Shelf space in the grocery business is a valuable asset. Every good supermarket spends a significant amount of effort attempting to determine the optimal shelf space allocation across products. Many factors are relevant to this decision: the profitability of each product, the size of each product, the demand characteristics of each product, and so forth. Consider Hot Bull corn chips, a local favorite. Average daily demand for this product is 55, with a standard deviation of 30. Bags of Hot Bull can be stacked 20 deep per facing. (A facing is the width on a shelf required to display one item of a product.) Deliveries from Southern Fresh's central warehouse occur two days after a store manager submits an order. (Actually, in most stores, orders are generated by a centralized computer system that is linked to its point-of-sales data. But even these orders are received two days after they are transmitted.) a. How many facings are needed to achieve a 98.75 percent in-stock probability?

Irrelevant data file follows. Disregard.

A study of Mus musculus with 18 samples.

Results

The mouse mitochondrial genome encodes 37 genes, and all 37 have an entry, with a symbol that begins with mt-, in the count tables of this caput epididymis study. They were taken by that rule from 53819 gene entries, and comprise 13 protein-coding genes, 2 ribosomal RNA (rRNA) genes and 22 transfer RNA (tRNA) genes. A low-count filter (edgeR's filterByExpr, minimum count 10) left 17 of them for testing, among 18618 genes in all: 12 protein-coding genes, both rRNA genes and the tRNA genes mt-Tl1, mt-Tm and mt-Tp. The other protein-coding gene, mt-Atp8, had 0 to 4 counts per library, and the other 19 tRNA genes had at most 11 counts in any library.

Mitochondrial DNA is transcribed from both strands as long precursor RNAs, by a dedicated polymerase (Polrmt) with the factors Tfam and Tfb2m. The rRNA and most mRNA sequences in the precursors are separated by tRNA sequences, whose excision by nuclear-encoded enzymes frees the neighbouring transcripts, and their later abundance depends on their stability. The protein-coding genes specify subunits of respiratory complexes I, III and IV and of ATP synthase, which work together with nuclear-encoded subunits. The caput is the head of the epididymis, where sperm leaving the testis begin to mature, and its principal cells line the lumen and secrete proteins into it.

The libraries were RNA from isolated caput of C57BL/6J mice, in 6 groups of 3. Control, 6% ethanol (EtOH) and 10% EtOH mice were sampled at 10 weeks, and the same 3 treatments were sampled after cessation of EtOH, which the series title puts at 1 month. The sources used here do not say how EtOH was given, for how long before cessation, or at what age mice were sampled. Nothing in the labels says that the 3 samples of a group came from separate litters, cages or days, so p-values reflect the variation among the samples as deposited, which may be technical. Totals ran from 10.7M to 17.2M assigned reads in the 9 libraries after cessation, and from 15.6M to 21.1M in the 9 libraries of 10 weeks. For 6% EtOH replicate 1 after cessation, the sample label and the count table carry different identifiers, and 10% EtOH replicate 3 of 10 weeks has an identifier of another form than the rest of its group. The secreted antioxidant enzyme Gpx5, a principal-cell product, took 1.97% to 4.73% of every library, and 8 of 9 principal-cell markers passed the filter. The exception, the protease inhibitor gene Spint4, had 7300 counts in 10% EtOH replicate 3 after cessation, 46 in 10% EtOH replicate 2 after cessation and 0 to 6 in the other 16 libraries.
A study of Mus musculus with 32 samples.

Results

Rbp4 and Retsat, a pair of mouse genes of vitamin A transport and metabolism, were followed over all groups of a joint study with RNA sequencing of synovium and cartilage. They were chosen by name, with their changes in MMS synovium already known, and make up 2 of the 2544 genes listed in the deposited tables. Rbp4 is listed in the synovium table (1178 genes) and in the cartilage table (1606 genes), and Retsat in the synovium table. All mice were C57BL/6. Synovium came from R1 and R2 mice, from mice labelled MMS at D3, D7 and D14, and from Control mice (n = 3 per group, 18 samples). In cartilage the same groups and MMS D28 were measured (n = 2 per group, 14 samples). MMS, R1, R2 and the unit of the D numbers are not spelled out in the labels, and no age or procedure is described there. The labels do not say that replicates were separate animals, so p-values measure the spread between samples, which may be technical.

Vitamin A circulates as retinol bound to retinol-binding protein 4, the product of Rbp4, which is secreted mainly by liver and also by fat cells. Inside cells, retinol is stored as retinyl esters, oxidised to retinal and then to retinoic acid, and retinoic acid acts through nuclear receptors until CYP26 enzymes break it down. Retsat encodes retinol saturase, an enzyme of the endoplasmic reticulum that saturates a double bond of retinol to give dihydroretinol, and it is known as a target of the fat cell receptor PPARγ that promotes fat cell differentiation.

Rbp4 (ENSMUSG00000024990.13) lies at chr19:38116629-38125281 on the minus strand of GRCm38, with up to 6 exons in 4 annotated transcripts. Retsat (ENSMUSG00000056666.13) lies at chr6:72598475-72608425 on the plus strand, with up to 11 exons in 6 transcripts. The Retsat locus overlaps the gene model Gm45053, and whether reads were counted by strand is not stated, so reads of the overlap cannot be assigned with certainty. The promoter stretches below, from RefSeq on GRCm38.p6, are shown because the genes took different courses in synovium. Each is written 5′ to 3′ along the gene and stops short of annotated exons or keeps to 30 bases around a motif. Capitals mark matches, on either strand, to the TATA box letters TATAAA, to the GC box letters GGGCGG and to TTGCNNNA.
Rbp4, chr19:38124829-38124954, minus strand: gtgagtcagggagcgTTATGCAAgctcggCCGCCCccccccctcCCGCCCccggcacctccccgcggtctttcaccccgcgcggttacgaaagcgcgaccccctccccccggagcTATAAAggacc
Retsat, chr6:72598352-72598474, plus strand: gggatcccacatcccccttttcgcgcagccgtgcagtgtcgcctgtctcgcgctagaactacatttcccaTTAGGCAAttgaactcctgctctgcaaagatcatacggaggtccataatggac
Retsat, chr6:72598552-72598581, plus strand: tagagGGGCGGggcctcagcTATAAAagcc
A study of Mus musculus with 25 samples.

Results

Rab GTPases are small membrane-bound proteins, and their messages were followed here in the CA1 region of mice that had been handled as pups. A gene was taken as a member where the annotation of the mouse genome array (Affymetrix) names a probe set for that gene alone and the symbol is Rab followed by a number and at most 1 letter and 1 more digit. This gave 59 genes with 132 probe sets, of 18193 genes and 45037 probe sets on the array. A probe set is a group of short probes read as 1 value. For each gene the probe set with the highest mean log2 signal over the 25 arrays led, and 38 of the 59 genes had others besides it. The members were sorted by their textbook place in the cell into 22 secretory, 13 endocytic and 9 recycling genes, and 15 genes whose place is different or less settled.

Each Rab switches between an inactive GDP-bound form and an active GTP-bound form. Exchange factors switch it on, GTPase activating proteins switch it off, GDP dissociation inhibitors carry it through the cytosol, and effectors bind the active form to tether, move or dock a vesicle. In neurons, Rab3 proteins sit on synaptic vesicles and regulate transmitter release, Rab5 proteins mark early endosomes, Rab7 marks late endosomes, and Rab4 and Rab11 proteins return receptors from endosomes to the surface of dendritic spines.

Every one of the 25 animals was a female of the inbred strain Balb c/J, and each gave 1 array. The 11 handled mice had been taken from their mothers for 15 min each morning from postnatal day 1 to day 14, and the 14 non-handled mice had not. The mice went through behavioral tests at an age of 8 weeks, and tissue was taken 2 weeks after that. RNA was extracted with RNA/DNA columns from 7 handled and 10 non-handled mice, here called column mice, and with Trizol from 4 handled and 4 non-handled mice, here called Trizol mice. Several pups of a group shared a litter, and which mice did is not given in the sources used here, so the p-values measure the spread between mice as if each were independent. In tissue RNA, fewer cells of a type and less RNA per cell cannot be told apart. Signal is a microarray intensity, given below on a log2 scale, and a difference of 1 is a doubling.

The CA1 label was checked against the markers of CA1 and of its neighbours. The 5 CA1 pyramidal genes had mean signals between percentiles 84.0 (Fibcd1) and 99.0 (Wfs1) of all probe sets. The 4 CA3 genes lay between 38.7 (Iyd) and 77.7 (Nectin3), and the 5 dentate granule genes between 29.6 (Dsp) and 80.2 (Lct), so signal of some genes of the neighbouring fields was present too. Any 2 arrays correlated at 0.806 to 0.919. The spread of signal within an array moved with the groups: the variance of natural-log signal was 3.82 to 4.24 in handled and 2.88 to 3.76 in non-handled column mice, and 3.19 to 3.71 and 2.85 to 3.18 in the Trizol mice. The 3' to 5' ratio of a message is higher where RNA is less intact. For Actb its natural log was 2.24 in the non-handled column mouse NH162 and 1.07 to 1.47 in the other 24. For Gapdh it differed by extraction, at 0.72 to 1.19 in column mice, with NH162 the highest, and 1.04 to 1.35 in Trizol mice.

b. Suppose Southern Fresh allocates 11 facings to Hot Bull corn chips. On average, how many bags of Hot Bull are on the shelf at the end of the day?
c. Although Southern Fresh does not want to incur the cost of holding inventory, it does want to leave customers with the impression that it is well stocked.
Hence, Southern Fresh employees continually roam the aisles of the store to adjust the presentation of the product. In particular, they shift product around so that there is an item in each facing whenever possible. Suppose Southern Fresh allocates 11 facings to Hot Bull corn chips. What is the probability that at the end of the day there will be an empty facing, that is, a facing without any product?